Fox’s Shannon Bream cited multiple debunked Republican claims to question whether strict voter ID laws lead to voter suppression, arguing, “it’s all in who you ask.” Bream quoted Republican Texas Governor Greg Abbott’s claim that “voter ID critics turn a blind eye to illegal voting.” In fact, the Brennan Center for Justice has called illegal voting “very rare” and voter impersonation “nearly non-existent,” and a 2014 study found only “31 instances of potential voter fraud between 2000 and 2014,” out of more than 1 billion ballots. Bream also cited Abbott’s assertion that an increase in “minority vote participation” in states with strict voter ID laws proves that they are not “discriminatory and disenfranchising.” The New York Times called Abbott’s statement “misleading,” according to Zoltan Hajnal, the author of a University of California, San Diego study on voter ID laws and minority turnout. Hajnal said, “The relevant question … is how minority turnout in states with photo ID laws compares with that in states without such laws,” continuing that he found “typically that strict voter ID laws double or triple the gap in turnout between whites and nonwhites.” In addition, Bream pointed to Republican Texas Attorney General Ken Paxton’s claim that Texas tries to make getting IDs “as easy as possible.” In fact, The Washington Post highlighted how obtaining a voter ID can be “burdensome” for some Texas residents, including the “disabled, poor or [those who] don’t drive.” An ex-GOP staffer recently detailed how the aim of some voter ID laws has been to “impede peoples’ voting rights.” From the May 3 edition of Fox News’ The Real Story with Gretchen Carlson:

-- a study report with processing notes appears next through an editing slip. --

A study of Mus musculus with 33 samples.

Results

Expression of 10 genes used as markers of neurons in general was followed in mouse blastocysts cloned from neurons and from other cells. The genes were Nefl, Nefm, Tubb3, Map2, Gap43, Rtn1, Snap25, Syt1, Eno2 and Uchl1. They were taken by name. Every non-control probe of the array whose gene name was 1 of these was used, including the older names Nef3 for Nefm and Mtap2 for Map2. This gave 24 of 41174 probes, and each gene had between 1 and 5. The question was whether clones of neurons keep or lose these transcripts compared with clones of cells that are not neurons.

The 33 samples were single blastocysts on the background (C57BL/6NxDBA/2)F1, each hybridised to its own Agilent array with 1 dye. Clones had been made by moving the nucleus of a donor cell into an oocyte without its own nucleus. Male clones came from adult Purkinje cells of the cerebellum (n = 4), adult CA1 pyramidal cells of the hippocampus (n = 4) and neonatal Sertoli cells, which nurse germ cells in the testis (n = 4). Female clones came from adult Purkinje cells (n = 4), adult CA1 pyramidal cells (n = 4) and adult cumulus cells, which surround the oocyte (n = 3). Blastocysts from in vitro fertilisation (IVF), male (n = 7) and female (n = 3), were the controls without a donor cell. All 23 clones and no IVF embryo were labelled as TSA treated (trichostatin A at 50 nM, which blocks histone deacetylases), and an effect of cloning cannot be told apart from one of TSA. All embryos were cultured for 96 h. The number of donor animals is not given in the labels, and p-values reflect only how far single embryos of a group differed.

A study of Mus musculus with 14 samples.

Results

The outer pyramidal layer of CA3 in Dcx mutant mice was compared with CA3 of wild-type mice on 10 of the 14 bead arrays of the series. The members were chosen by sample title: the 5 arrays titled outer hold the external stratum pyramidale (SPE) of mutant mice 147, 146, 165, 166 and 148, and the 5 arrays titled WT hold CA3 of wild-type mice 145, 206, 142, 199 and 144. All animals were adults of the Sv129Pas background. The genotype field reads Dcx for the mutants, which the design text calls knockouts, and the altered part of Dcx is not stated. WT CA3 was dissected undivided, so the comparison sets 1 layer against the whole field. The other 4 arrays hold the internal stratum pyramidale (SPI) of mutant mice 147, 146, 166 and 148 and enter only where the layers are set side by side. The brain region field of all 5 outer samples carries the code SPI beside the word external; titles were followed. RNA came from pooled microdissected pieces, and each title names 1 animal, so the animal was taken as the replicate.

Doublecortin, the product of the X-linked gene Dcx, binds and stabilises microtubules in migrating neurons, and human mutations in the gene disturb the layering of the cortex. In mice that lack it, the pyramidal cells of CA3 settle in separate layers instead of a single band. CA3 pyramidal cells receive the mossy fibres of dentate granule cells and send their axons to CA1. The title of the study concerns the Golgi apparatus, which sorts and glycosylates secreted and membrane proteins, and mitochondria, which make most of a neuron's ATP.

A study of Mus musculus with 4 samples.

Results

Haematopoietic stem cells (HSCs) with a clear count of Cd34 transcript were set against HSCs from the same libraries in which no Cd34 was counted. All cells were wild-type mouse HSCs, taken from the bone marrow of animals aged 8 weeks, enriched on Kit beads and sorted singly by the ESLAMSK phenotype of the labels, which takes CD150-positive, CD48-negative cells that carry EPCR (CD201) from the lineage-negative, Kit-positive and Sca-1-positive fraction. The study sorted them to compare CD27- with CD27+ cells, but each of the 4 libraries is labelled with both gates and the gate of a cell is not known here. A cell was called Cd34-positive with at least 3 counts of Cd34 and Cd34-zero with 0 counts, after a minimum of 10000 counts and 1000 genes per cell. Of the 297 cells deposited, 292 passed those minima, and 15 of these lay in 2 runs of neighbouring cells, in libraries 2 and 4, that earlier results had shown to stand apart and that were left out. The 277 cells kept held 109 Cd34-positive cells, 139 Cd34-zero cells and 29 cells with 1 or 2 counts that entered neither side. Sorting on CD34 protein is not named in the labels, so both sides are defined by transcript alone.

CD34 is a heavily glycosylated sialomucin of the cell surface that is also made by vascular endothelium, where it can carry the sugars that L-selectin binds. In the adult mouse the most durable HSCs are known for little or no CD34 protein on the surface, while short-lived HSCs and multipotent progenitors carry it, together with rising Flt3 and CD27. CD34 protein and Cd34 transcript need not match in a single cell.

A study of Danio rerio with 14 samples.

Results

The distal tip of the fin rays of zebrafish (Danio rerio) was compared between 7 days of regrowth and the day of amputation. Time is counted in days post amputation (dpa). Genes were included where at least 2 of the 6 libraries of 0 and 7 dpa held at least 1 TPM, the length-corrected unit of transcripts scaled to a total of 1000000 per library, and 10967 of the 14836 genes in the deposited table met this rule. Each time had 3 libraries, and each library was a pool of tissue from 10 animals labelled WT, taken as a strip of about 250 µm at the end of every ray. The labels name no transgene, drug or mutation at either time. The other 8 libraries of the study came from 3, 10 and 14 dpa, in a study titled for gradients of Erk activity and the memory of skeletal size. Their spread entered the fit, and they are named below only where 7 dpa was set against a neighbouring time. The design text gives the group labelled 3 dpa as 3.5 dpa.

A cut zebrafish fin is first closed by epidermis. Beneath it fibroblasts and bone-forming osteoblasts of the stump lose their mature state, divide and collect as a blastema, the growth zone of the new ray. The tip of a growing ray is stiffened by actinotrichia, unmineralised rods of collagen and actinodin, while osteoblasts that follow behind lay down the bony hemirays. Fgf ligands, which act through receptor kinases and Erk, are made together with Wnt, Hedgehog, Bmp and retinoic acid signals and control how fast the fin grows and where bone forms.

GRETCHEN CARLSON (HOST): Voter ID laws across the nation could end up having a major impact on the election come November. In Texas, a controversial law requires certain forms of ID to vote, but it also calls for providing the necessary ID free of charge. Shannon Bream, live for us in Washington. So Shannon, what's the latest in the legal fight over this Texas law?
SHANNON BREAM: Well, Gretchen, it is just one of many state voter ID laws now being challenged in court, and last week it reached the U.S. Supreme Court. Opponents filed an emergency request trying to block the law, but, for now, the justices declined, leaving the law in place. Texas Attorney General Ken Paxton says the state does require specific ID, but tries to make getting it as easy as possible.
KEN PAXTON: If you don't have a driver's license or military ID, you can get a free ID from the state of Texas, which allows you to go in and vote just like anybody that has a driver's license or other identified form of photo ID. So that argument doesn't really hold water, because we’ve offered up free IDs to people that don't have those IDs, and all they have to do is go get one.
BREAM: This year, more than a dozen states will have either new or newly beefed up voter ID laws for the first time going into a presidential election, Gretchen.
CARLSON: OK, so what do we know about how voter ID laws impact the specific parties?
BREAM: Well, critics claim the laws are meant to suppress minority voters. They say that hurts Democrats. And they point to studies like one from the University of California San Diego, which concluded, “The analysis shows that strict identification laws have a differentially negative impact on the turnout of Hispanics, Blacks, Asian-Americans, and multi-racial Americans in primaries and general elections. We also find that voter ID laws skew democracy toward those on the political right.” Well Texas Governor Greg Abbott, who defended his state’s tough law back when he was the attorney general, says this: “Voter ID critics turn a blind eye to illegal voting, and instead rail against voter ID as discriminatory and disenfranchising. The facts prove otherwise. States with voter ID laws have seen minority vote participation increase, not decrease.” So Gretchen, it's all in who you ask.
CARLSON: Yes, it is. Like so many other issues.